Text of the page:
Sarah Andrews standing on a bridge, in London, at night, looking at the camera

Shining a light on the dedication needed to eliminate abuse

First published by Inside Housing Opens in new window

As part of the UN’s International Day for the Elimination of Violence Against Women and UNiTE by 2030 to end Violence Against Women campaigns which begin on Thursday 25 November, at Sovereign we’ll be joining in with the social media candlelit vigil to remember the two women murdered each week in the UK by their partner or ex-partner.

The lighting of candles aims to highlight the issues faced by all women and girls affected by domestic violence, rape and sexual assault, and marks the beginning of 16 days of global activism.

As an organisation, we decided that we wanted to flag this campaign to our employees, as tackling domestic abuse, and ensuring that our customers feel safe in their homes is something we’ve really focused on over the last year. We’ll also be highlighting the services we offer to residents during the following 16 days, including our partnership with support charity Womankind Opens in new window.

The awareness campaign is online – it asks people to light a candle and share a photo – and it is a significant statement. But for us, this moment is also about flagging the very real advances we’ve been making both digitally and in the ‘real world’ to better protect our residents from domestic abuse – and the other dangers that go along with it, like financial and coercive control.  

In the reporting year to date we’ve seen 115 cases of domestic abuse being reported already, against 166 for the whole of 2020/21. I said in a previous blog that it might seem odd to celebrate more cases being reported – but we know from national statistics that this is still the tip of the iceberg.

Domestic abuse comes in many different shapes and forms, and we know that it takes vigilance, perseverance, time and effort from people across our teams to bring the perpetrators to justice, as well as giving victims a chance to retake control of their lives.

In fact, earlier this month, one of our ASB officers provided supporting evidence on a case that involved coercive control - something that only became a publicly acknowledged offence in 2015. The case was originally brought to our attention at a multi-agency risk assessment conference (MARAC) with the Newbury Domestic Abuse Policing Team and A2 Dominion – the referral service for domestic abuse in West Berkshire, several years ago.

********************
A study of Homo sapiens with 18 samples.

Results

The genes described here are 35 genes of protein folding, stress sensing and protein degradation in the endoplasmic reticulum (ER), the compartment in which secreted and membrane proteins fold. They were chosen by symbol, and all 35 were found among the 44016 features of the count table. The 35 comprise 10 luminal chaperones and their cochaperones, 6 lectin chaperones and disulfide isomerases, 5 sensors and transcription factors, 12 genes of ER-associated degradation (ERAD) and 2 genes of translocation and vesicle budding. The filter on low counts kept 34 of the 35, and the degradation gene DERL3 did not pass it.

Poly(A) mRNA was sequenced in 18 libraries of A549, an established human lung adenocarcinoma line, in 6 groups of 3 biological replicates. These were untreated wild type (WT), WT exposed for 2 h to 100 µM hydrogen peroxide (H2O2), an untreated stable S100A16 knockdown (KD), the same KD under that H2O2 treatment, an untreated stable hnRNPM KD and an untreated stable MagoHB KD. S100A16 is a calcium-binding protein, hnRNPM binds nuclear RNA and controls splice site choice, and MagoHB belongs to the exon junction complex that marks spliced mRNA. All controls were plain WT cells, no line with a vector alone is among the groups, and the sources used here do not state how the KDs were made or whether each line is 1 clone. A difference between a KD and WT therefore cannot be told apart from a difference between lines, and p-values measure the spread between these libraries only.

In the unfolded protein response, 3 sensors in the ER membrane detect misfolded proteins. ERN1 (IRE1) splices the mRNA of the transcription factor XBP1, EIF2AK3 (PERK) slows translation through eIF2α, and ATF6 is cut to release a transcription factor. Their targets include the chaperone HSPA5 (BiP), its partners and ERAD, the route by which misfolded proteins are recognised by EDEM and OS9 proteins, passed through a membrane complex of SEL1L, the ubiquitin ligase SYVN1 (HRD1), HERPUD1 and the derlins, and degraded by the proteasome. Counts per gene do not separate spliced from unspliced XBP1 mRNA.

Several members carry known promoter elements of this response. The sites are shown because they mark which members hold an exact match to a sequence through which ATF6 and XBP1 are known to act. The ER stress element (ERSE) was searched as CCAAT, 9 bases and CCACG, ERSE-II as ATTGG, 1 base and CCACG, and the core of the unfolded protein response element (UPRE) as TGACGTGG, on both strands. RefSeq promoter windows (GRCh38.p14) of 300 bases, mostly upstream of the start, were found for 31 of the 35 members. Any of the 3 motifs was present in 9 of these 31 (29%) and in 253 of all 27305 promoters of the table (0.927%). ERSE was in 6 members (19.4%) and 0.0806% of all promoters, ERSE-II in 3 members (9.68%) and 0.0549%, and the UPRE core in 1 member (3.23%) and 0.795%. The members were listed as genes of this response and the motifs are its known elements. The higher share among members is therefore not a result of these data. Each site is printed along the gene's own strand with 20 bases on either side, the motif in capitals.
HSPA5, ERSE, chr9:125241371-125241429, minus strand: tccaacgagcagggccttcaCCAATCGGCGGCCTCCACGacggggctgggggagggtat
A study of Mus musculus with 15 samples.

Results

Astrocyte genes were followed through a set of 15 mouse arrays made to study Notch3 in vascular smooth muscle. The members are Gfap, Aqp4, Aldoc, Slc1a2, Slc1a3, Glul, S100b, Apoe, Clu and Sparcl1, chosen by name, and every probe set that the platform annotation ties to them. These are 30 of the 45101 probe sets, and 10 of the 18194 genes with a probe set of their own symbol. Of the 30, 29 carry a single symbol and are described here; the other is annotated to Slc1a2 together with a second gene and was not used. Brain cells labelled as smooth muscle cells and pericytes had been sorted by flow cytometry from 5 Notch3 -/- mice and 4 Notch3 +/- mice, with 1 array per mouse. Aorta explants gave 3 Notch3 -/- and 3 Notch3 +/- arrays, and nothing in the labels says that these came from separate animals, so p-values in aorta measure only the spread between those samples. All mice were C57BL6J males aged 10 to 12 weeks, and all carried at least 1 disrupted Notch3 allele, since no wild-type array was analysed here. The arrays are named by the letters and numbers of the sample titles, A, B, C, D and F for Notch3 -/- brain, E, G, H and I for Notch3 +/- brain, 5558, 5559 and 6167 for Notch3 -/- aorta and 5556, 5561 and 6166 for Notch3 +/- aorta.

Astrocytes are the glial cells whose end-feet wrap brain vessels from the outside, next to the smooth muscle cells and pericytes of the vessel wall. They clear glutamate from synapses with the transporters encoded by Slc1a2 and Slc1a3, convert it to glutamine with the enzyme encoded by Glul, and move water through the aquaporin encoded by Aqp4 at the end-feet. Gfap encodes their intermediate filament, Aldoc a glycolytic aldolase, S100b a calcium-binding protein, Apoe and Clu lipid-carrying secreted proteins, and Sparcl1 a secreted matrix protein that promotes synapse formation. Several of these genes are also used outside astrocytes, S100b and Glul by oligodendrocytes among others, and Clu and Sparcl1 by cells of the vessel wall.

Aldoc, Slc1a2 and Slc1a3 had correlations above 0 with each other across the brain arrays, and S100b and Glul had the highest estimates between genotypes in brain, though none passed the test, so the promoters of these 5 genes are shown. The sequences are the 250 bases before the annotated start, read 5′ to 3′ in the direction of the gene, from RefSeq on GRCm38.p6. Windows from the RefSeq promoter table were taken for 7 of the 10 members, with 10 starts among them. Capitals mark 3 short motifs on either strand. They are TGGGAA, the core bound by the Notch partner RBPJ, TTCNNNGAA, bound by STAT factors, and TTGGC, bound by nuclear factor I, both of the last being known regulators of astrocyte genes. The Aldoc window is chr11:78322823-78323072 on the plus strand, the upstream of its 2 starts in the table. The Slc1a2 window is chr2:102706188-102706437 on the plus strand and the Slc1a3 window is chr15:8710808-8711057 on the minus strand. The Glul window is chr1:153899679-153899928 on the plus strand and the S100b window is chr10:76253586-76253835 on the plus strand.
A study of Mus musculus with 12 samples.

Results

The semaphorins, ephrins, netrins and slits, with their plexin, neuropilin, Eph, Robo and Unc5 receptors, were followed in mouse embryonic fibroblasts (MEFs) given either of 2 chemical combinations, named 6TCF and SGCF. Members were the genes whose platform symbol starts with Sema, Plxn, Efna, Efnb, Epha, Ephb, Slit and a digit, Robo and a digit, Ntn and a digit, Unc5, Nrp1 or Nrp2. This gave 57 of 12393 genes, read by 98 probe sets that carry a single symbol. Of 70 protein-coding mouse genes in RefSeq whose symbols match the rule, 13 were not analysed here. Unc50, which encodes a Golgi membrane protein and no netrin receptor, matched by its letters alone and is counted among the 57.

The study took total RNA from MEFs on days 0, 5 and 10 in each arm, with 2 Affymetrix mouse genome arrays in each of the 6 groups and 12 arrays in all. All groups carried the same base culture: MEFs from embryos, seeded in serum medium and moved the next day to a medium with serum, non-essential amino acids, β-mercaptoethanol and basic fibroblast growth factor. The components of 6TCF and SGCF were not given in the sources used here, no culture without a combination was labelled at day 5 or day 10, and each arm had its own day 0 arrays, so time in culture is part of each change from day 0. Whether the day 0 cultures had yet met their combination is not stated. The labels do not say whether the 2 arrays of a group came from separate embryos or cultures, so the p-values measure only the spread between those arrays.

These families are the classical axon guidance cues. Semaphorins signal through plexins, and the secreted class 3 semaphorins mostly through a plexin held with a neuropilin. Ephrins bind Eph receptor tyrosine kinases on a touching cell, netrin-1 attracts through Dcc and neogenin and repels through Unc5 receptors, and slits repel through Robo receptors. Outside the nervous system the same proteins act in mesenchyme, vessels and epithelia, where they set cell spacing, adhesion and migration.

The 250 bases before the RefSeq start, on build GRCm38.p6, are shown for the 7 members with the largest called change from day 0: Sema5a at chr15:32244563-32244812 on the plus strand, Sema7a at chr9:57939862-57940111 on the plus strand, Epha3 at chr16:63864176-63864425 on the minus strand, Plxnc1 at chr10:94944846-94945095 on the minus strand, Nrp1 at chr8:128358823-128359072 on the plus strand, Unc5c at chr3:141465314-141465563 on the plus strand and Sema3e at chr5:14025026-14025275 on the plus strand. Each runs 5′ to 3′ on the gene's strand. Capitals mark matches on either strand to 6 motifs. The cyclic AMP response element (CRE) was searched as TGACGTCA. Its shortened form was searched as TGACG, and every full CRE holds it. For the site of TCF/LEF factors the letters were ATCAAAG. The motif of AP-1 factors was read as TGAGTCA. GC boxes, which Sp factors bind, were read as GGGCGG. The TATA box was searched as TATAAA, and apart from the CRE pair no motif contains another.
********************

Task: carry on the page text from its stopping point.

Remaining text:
One of our residents was manipulating and controlling the everyday life of another of our residents – behaviour which included preventing her from seeing friends and family, taking control of her finances and making death threats towards her, making her frightened for the safety of her family. Towards the end of the relationship, he actually made her doubt her own sanity.

At the same time other residents reported that he was carrying out other threatening and intimidating behaviour – such as walking out at night with a headtorch, shining lights into women’s windows and loitering in communal spaces.

It was a complicated case which needed delicate handling, with details that were sensitive and emotive. Initially, we made our female resident safe, carrying target hardening; changing locks on the doors of her home and providing a high level of reassurance that action would be taken.

We also had to make a decision about how we could best support the other women in our community and keep them safe too. Initially, our ASB officer worked to seek a legal civil injunction for Anti-Social Behaviour to prevent our male resident from harassing his female neighbours.

Our officer gained the injunction, but in parallel, thanks to her involvement with MARAC, she also supported the police as they carried out separate investigations into our resident for reports of impersonating a police officer, harassment, public order offences, voyeurism and coercive control.

Over the next 18 months, during challenging Covid restrictions and due to personal reasons linked to the victim which meant all engagement had to be carried out over the phone. This meant no emails, no texts, no face to face visits - our officer continued to offer support. She gave the police witness statements and evidence and kept a highly vulnerable victim as positive as she could, ensuring that they felt able to continue with the high-stress situation of giving evidence.

This is the first case for Sovereign where we’ve given evidence on coercive control. Although under the current legal framework it does not sit under Grounds 7A ‘housing tenancy enforcement’ which lay out the conditions for anti-social behaviour – reframing this is currently being considered by Government. In this case, it was obvious that the female resident being victimised needed our support to speak up, to be believed, to take the situations they were reporting seriously.

The accumulated actions of our male resident built up into a disturbing picture of abuse, which the judge overseeing the case deemed as ‘extremely serious’, and, in October this year, our male resident was convicted of harassment, public order offences and coercive control and was sentenced to 27 months in prison.

So, when I light the candle today I’ll also be thinking about the fact that ending domestic abuse is not a quick fix. Situations like the case described above take months and even years of focus, dedication, and strong conviction to see through. We want our customers and employees to know that they can turn to us for long term support, any time of night or day, if they are experiencing something similar, simply by calling our team on 0300 5000 926, or by speaking to any one of our front line employees. It is only by uniting, by working collectively together, that we can end violence against women.